Red (PG-13)

It's got Helen Mirren manning a machine gun, John Malkovich bristling with explosives, Morgan Freeman slapping Richard Dreyfuss, and Bruce Willis smirking into the faceless masks of a CIA death squad. If none of that sets your middle-aged motor running, then you'd best get back to your PBS fund drive and forget Red, the delightfully delirious action comedy that pits the veterans against the young guns – you don't even have to guess who ends up standing astride the enemy, thumping their chests in victory.

Based on a graphic novel of the same name, Red (the name stands for Retired, Extremely Dangerous) is nominally about a group of former CIA operatives who suddenly find themselves on a government hit list. To find out why, and for their mutual protection, they decide to, in the words of Freeman's character, "get the band back together." But the movie is really about the timeless battle of youth versus experience; abs versus absolute competence. Of the four top players, only Willis is a bona fide action star, but director Robert Schwentke has cleverly cast three of the screen's smartest actors as his partners. One look at the triumvirate of Mirren, Malkovich, and Freeman assures us that when it comes to a battle of wits with those smartypants youngsters, well, it's not even fair.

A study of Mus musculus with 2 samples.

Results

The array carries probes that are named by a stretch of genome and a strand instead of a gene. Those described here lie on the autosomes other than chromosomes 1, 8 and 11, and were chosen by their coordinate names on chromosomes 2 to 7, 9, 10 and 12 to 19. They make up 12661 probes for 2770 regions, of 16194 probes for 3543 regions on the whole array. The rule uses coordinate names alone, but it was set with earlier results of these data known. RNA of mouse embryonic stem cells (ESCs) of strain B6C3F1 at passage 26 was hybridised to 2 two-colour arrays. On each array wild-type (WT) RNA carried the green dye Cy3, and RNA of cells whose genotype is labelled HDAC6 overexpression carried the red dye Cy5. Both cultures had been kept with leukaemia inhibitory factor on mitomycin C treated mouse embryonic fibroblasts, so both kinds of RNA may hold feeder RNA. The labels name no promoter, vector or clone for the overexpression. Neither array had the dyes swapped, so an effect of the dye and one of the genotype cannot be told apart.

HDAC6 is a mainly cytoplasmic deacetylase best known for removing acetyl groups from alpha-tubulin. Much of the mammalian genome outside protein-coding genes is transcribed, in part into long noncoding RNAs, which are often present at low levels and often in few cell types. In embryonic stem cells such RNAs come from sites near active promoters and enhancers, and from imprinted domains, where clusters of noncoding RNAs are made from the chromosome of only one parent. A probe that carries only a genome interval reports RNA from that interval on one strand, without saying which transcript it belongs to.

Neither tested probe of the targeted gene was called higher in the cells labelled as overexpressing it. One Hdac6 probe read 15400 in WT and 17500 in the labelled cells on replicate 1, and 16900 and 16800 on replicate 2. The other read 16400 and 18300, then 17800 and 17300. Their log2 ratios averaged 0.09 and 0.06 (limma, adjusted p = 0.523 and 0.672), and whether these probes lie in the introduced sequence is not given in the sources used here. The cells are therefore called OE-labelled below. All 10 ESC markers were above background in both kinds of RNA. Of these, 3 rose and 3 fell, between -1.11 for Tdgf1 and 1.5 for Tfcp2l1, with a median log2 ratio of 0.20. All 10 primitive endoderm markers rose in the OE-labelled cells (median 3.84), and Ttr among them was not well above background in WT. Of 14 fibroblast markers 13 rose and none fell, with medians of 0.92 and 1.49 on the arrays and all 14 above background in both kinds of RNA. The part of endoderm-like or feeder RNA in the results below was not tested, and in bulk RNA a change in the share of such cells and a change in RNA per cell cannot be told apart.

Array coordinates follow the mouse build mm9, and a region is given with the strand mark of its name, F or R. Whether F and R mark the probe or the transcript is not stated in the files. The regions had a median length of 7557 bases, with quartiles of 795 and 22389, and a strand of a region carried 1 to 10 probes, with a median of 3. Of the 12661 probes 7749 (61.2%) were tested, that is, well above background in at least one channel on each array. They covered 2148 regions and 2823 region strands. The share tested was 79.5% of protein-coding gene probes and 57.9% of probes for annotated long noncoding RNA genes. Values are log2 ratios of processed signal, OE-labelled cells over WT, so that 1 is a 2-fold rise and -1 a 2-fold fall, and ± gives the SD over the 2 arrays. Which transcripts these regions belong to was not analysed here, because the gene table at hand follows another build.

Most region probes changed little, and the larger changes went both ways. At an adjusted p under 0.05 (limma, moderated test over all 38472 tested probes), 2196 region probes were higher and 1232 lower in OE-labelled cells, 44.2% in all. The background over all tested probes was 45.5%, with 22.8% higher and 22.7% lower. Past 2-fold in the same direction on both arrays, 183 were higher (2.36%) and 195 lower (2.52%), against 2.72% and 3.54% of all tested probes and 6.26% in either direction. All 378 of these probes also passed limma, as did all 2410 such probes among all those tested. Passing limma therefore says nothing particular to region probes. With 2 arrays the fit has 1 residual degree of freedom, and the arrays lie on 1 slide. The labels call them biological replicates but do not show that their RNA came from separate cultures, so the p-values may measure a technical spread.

The veteran supporting cast excels, as well. Dreyfuss, as a hotshot businessman who just might know why our heroes are in the crosshairs, is a wonderfully unlikeable foil. And perhaps the most welcome presence of all is 93-year-old Ernest Borgnine as a wise CIA archivist who shares a healthy disdain for the new breed of agents (he calls them "thumbsuckers"). I asked myself if Schwentke could have come up with an active actor who's any older than Borgnine to play the part, and I could think of only one: Eli Wallach. He's 94 – and a couple of weeks ago he nearly stole the show from Michael Douglas in Wall Street: Money Never Sleeps.

As art, Red could hardly be less significant. But it may well mark a milestone in the way Hollywood looks at older actors, who on the rare occasions they land starring roles are too often consigned to brooding, heavy dramas. Red is big-budget, indiscriminate fun, and it's a rare treat to see such a film with stars who could qualify for the senior discount to see their own movie.